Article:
The Commonwealth of Massachusetts Appeals Court (“Massachusetts Appellate Court”) stated in its unpublished opinion dated July 26, 2021 in a medical malpractice case: “The judge lacked the statutory authority to grant the relief requested in the plaintiff’s motion to vacate. Although judges “may reduce the amount of the bond” if the plaintiff is indigent, they “may not eliminate the requirement thereof” and “shall” dismiss the case if the “bond is not posted within thirty days of the tribunal’s finding.” G. L. c. 231, § 60B … Thus, whatever mechanism exists for a case to be returned to the tribunal upon discovery of new evidence — an issue that has not been briefed by either party — the judge could not simply bypass the tribunal and reinstate the claims against Dr. Lozano, as requested by the plaintiff. We agree with the judge that such relief would be contrary to the tribunal’s screening role and the bond requirement, which the Legislature imposed “to ‘discourage frivolous medical malpractice claims.'””
The Underlying Facts
The Massachusetts medical malpractice plaintiff alleged that Drs. Lozano and Ajay K. Wakhloo had negligently performed a medical procedure in February 2015, causing her to suffer permanent nerve damage. The defendants sent a joint response to the claim letter in early December 2017. In the response the defendants acknowledged that “the procedure was performed by Dr. Lozano, under the supervision of Dr. Wakhloo.”
The plaintiff’s Massachusetts medical malpractice action alleged “J. Diego Lozano, M.D. and Ajay K. Wakhloo, M.D. performed” the procedure. Dr. Lozano’s and Dr. Wakhloo’s respective answers admitted this allegation.
After the action was referred to a medical malpractice tribunal, the plaintiff filed an offer of proof, which included expert opinions from Drs. Jay B. Krasner and Daniel Cousin. Neither expert offered an express opinion as to whether Dr. Lozano deviated from the standard of care. The sole mention of Dr. Lozano in either opinion was Dr. Krasner’s observation that the procedure was performed “by Dr. Ajay K. Wakhloo, . . . assisted by Dr. J. Diego Lozano (a fellow).” The tribunal found that the offer of proof was insufficient “to raise a legitimate question of liability appropriate for judicial inquiry” as to Dr. Lozano.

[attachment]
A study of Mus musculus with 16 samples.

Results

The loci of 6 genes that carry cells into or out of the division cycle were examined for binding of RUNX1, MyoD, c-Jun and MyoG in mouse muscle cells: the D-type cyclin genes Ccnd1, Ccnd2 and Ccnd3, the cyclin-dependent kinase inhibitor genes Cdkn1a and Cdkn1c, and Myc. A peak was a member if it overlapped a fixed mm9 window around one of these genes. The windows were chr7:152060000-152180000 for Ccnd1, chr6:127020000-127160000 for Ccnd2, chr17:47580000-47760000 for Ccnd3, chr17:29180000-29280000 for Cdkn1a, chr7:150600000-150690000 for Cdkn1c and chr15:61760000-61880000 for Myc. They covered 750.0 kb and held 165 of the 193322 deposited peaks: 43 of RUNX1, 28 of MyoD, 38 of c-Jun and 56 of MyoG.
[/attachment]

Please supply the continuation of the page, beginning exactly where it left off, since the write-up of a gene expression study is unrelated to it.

The plaintiff subsequently failed to post the statutorily required bond in the Superior Court (G. L. c. 231, § 60B) and Dr. Lozano moved to dismiss the claims against him. Subsequently, the plaintiff served what she called a motion under Mass. R. Civ. P. 60 (b) (1), 365 Mass. 828 (1974), or alternatively under Mass. R. Civ. P. 55 (c), 365 Mass. 822 (1974), to “vacate the judgment” and to “reinstate” the case as to Dr. Lozano (motion to vacate). The plaintiff argued that such relief was warranted because “the record was unclear until April of 2020 as to which doctor performed the procedure.” Although the plaintiff did not elaborate on the basis for this statement, she attached as an exhibit Dr. Wakhloo’s April 22, 2020, interrogatory answers, in which he stated: “I did not perform the procedure at issue. Rather, it was performed by Dr. Lozano under my supervision.”
The judge denied the plaintiff’s motion to vacate, finding that the record did not support her claim that she was unaware until April 2020 that Dr. Lozano performed the procedure, and that “reinstatement . . . would undermine the tribunal’s screening role and the requirements of posting a bond after an adverse tribunal decision.”
If you or a loved one may have been injured (or worse) as a result of the medical negligence in Massachusetts or in another U.S. state, you should promptly find a Massachusetts medical malpractice attorney, or a medical malpractice attorney in your state, who may investigate your medical malpractice claim for you and represent you or your loved one in a medical malpractice case, if appropriate.